It wasn’t until late that first afternoon, as we stumbled into a burn area below the crest of Black Mountain, that Berman finally unpacked his camera. It wasn’t digital; he was shooting film, large format.

Berman focused on the few surviving ponderosas. “Ponderosas feed on fire,” he remarked. “They need it. So a lot of good is going on here.”

The sun was getting low when we headed back to camp. Suddenly, I was more than tired. “Michael, how many ridges have we crossed since leaving Christie Creek?”

“Just keep the drainage in mind, the way the water flows.” He pointed west. “If we walk north, we’ll eventually get where we need to be.”

We plowed on. Finally, the landscape looked familiar. We reached our campsite and  ate. If there was a canine lullaby that night, I didn’t hear it.

The next morning we were both up before dawn. Brewing coffee, Berman said: “We should strike camp.”

“What? But I was just getting comfortable here!”

“Me, too. But there’s an obscure canyon I stumbled into 30 years ago, northwest of Quentin Hulse’s spread. I’m getting a pull to it.”

Quentin Hulse was a Gila legend. Rancher, outfitter, guide, he’d lived in a small house at the bottom of a canyon, without electricity, plumbing or running water, for 50 years. Berman knew him well. Before Hulse died in 2002, they would get together to debate environmental issues. Berman came to understand the wants and needs of the ranchers. It gave him a unique point of view, far from the polemics of the enviro-wars. Nowadays, Berman’s input is routinely sought by locals to resolve disputes.

“When old ranchers die, there’s an opportunity for change,” he said. “There’s an opportunity to shift the paradigm.”

He explained the complexities of public-land grazing allotments, and management plans, noting the more common abuses: unrepaired fences, watersheds “cowed-out” by overgrazing. When old ranchers died, new management plans could be drawn up, protecting the land from overgrazing.

“Of course, the new plans have to be enforced,” Berman said. “That’s always the hard part.”

He spotted a spring that trickled off down a deep draw. “We should follow the water,” he said. The gravel descent was steep –- huge boulders, thickets of brush, treacherous footing. At the  bottom, a stream flowed under a canopy of mature cottonwoods. On either side of it, rock formations rose. I kicked off my shoes, slipped my feet into the cool water. Berman scrambled across the streambed, lit up with a new kind of energy. He returned, grinning: “Cows haven’t been in here for a while. The willows are back.”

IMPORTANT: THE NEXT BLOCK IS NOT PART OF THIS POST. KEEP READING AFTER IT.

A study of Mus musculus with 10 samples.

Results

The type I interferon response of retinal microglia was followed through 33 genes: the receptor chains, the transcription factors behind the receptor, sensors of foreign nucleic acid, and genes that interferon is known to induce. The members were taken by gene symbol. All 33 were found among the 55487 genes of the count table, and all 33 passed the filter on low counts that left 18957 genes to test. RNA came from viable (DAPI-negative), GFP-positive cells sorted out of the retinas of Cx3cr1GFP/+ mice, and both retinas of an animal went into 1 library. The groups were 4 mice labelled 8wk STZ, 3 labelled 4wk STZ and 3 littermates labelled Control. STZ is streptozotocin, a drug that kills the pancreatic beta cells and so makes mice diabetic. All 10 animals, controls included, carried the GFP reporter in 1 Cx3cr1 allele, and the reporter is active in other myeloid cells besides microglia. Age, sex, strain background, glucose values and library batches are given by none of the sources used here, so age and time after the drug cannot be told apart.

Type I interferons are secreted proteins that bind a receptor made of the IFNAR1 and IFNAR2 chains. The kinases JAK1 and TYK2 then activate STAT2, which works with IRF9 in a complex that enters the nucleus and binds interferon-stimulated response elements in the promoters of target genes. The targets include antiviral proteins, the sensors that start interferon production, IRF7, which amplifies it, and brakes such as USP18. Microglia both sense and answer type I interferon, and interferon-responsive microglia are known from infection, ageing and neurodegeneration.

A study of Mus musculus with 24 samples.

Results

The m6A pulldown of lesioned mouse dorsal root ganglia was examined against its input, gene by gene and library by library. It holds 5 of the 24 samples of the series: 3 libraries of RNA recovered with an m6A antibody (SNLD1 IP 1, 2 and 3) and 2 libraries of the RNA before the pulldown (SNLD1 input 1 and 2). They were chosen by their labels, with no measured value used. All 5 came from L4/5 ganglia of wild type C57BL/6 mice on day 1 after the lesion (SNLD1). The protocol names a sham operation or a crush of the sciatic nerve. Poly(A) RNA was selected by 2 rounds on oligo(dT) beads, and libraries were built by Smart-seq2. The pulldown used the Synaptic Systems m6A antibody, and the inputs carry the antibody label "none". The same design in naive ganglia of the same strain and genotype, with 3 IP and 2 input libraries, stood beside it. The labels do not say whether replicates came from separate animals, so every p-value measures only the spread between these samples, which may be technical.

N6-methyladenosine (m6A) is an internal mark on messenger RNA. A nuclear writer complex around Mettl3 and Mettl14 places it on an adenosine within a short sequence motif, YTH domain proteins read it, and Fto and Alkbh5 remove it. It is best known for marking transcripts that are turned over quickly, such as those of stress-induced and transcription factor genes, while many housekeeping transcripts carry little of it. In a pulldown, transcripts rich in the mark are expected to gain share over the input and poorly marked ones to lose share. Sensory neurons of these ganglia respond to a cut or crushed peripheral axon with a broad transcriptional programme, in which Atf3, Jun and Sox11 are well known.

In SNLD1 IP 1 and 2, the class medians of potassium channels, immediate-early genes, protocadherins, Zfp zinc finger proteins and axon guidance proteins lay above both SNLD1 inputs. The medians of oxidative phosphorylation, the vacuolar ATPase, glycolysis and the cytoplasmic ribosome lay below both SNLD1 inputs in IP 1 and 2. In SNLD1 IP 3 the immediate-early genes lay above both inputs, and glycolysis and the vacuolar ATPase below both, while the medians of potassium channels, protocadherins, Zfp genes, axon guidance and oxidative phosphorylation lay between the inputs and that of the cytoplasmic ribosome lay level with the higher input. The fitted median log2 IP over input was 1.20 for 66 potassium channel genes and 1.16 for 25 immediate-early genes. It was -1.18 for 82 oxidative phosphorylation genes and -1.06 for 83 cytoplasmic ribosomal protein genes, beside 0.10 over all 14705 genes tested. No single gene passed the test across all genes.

We started off down the stream, but almost immediately he stopped. “Look,” he said, pointing up at the cliff face. There, in a corner of a long, horizontal hollow, sat a small structure with curved adobe walls and a single square window.

“Cliff dwellers?”

“Probably,” Berman said.

“It’s amazing, really,” I said. “The way your instincts took us directly to this spot.”

He gave me a look.

“I mean, this morning you got a pull, we followed it, and here we are confronted by thousand-year-old ruins that were probably built by the last people who cared about this place as intensely as you do. You’ve got the gift,” I said. “It’s in your photos.”

Berman just shrugged.

He’s uncomfortable with compliments and dislikes dwelling on his past. When he was 3, his parents flew into Montego Bay for a Jamaican vacation. Foul weather forced a hard landing, and the plane disintegrated on impact. Berman barely remembers his parents. He was raised by his Irish grandmother in New York City.

He graduated in 1979 from Colorado College, with a B.A. in biology. His interest in photography was piqued by a course in his final year at school. After graduating, he worked for five years studying peregrine falcons, all the while experimenting artistically, taking pictures, painting, often combining the two in collages on canvas.

Later, while taking post-graduate art courses at the University of Colorado, Berman realized that landscape photography could fuse his ecological interests with his artistic inclinations. So he secured an MFA in photography at Arizona State. After that, he lived the life of an aspiring ecological photographer, moving here and there, educating himself on environmental issues, mounting exhibitions, scrambling for funding. In the early ’90s, wanting to sharpen his focus, he settled in the wilderness area around the Gila River, near the New Mexico-Mexico border. There he proposed and completed the New Mexico BLM Wilderness Photography Survey. He also became a founding board member of the Gila Resource Information Project, a local environmental group.

Berman’s repeated forays into the desert regions eventually led to a three-year fellowship from the University of Arizona’s Southwest Center to photograph the Gran Desierto, on the southwestern border of Arizona and Sonora. That project led to his first publications: Sunshot, in 2006, with text by Bill Broyles. The books with Bowden followed.